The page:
The answer may surprise you.
Union Membership Data
Earlier this year, the Bureau of Labor Statistics released its 2016 union membership data which had more bad news for the labor movement. The highlight statistic is the percentage of workers who are union members, which gives a sense of the labor movement’s overall strength. That number, often referred to as “union density”, has been declining for decades, from a high of 35% in the 1950’s to just 10.7% in 2016.
Along with this number is the percentage of workers covered by a union contract. This is always slightly higher since a small number of workers opt out of official membership but are still covered by the contract, and in 2016 this was 12%. This is a good indication of the labor movement’s impact on the economy since more workers covered by a union contract means more workers with higher wages and better benefits. The AFL-CIO has statistics on the “union difference.” Wages for union members are 26% higher than non-union workers overall, and with even larger differences for Black and Latino workers. And union members are much more likely to have health care and pension benefits.
Metro Area Data
What gets less attention is the metropolitan area data which shows local union membership in a city and surrounding counties. I became interested in this data recently while looking up the numbers for New York City where I live, and which I expected to be among the highest of all metro areas.
Among the largest 10 cities, New York City indeed has the highest union density, followed by Los Angeles and Chicago. Here is the data, showing the higher % Covered numbers. Moreover, it’s no surprise that the southern cities have much lower union density.
However I was surprised when I looked at the top metro areas for union membership. They weren’t the largest cities as I expected, but were small to mid-sized cities. Here are the top 10 metro areas for union density, again looking at the higher % Covered data.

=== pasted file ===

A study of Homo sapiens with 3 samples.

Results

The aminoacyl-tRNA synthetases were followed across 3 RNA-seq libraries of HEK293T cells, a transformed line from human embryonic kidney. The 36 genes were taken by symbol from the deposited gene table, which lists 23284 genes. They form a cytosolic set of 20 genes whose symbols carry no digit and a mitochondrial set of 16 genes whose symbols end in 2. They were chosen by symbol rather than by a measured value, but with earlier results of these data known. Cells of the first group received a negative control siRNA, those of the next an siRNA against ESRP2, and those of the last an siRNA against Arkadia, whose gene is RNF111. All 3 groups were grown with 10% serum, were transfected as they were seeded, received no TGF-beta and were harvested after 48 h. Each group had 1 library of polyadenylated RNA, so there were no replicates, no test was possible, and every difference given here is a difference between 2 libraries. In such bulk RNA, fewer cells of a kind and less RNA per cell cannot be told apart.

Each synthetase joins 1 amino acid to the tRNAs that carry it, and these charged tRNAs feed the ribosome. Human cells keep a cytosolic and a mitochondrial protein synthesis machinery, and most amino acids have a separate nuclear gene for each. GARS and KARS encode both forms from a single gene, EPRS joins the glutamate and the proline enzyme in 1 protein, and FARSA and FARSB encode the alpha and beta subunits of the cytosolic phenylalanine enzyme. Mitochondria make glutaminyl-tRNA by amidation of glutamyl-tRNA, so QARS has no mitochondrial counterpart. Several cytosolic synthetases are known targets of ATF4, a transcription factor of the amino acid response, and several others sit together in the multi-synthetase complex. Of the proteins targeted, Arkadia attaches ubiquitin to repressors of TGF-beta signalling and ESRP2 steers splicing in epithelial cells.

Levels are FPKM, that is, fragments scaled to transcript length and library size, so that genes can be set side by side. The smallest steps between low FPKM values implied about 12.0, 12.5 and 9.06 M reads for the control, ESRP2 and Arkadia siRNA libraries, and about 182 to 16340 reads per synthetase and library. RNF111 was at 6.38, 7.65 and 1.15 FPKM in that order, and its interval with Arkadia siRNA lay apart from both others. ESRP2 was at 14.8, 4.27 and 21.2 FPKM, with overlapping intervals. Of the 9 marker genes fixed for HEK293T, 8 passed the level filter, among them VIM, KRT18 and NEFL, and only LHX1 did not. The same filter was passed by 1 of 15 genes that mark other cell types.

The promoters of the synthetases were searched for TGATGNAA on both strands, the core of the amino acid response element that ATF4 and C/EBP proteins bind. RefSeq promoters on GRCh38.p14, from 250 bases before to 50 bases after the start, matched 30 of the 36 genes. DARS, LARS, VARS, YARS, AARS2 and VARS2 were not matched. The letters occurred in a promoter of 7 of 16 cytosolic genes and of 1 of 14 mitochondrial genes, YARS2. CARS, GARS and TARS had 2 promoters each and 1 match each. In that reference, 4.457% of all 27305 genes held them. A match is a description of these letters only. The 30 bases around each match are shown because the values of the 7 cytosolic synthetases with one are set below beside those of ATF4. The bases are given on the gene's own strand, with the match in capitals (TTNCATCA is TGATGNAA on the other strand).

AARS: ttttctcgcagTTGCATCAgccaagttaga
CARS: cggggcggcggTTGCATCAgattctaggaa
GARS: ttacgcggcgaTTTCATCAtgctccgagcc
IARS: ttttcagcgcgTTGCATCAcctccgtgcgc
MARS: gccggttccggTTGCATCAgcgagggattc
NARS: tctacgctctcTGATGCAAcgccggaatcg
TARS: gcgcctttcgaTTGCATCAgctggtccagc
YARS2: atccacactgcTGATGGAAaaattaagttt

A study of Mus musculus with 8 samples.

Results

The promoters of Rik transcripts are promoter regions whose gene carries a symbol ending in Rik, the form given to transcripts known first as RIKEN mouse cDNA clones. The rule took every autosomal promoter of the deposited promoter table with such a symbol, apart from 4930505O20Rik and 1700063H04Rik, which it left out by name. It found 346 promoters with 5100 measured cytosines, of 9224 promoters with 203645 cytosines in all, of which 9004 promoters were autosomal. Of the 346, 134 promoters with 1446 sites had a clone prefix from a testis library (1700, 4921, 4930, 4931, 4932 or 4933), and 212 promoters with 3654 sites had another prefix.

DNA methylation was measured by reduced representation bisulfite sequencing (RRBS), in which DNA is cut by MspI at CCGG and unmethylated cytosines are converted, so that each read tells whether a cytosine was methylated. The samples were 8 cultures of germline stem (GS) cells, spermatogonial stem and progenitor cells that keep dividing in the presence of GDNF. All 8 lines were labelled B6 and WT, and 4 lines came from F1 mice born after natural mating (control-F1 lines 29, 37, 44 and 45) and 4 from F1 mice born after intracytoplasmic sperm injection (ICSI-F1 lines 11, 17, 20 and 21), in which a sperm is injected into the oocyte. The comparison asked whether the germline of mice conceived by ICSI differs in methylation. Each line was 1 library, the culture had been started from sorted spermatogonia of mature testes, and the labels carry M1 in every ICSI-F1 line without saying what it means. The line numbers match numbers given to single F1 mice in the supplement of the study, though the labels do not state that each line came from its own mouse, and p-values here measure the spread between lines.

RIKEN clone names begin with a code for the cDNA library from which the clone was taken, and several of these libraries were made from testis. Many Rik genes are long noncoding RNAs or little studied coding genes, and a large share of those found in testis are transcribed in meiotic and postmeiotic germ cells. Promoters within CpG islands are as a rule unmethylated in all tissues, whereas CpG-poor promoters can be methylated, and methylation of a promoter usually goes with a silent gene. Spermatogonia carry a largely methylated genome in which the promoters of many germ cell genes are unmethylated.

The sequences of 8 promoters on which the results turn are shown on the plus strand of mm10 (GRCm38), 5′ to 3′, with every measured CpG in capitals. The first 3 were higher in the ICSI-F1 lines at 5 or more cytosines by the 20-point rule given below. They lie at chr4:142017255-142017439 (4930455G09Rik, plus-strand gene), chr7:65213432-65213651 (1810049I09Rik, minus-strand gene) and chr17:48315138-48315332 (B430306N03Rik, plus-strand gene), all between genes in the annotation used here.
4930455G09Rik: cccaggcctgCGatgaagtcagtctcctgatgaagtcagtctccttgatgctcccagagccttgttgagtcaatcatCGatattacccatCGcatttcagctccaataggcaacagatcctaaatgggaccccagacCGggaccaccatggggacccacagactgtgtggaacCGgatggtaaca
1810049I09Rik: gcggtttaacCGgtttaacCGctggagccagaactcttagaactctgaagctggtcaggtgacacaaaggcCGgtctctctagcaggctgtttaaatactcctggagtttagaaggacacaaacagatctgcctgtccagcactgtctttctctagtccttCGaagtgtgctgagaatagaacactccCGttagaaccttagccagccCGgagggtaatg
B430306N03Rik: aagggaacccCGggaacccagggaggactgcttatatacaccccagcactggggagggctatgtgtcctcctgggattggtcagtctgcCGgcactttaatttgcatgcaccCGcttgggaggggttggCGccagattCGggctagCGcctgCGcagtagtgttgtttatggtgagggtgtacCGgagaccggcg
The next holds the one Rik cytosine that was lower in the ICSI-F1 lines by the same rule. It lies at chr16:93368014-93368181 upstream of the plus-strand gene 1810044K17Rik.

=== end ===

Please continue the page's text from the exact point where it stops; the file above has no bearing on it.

Furthermore, the numbers for the top three are quite high. In Springfield IL, almost half of all workers are in a union, and in the Colorado Springs, CO and Albany, NY areas, more than one-third are. Colorado Springs is particularly surprising since it’s known as a fairly conservative area. We can break this down further and see how much of the union membership is coming from the private or public sectors.
We can see that in all three cases the public sector union density is much higher, as is usually the case. Moreover the distribution of union workers among the private and public sectors differs slightly among the cities. The last column shows how the union workers are distributed. In Springfield, 61% of the union workers are in the private sector, in Colorado Springs, it’s 66%, and in Albany only 51% are, showing that the local labor movement there is almost evenly split between the private and public sectors.
Why Are These the Highest Union Areas?
The public sector union membership is fairly easy to understand. These will mostly be the public school teachers, firefighters, police and other city, county and state workers as well as state university or community college workers. These three cities are among the highest in public sector union density, although many other cities have high numbers as well.
It’s the private sector numbers that really make the difference compared to other cities. These three cities are also the top three for private sector union density, and much higher than the national average of 6.4%. Simply put, they have a higher percentage of union workers than anywhere else mostly because they have higher private sector union presence. This is most likely due to local hospitals, manufacturing, grocery stores and other higher union density sectors. Further investigation would be necessary to see exactly where these union workers are working. One place to start are the websites of the Central Labor Councils for these areas:
Colorado Springs: https://www.coaflcio.org/csalc
I like that there are still some places in the country with a very strong union presence, where most people are either in a union, have family members in a union, or have friends in a union. Hopefully these are the kind of places where union solidarity is a familiar concept and folks will never cross a picket line!
You can easily view the metro area union data at http://unionstats.com.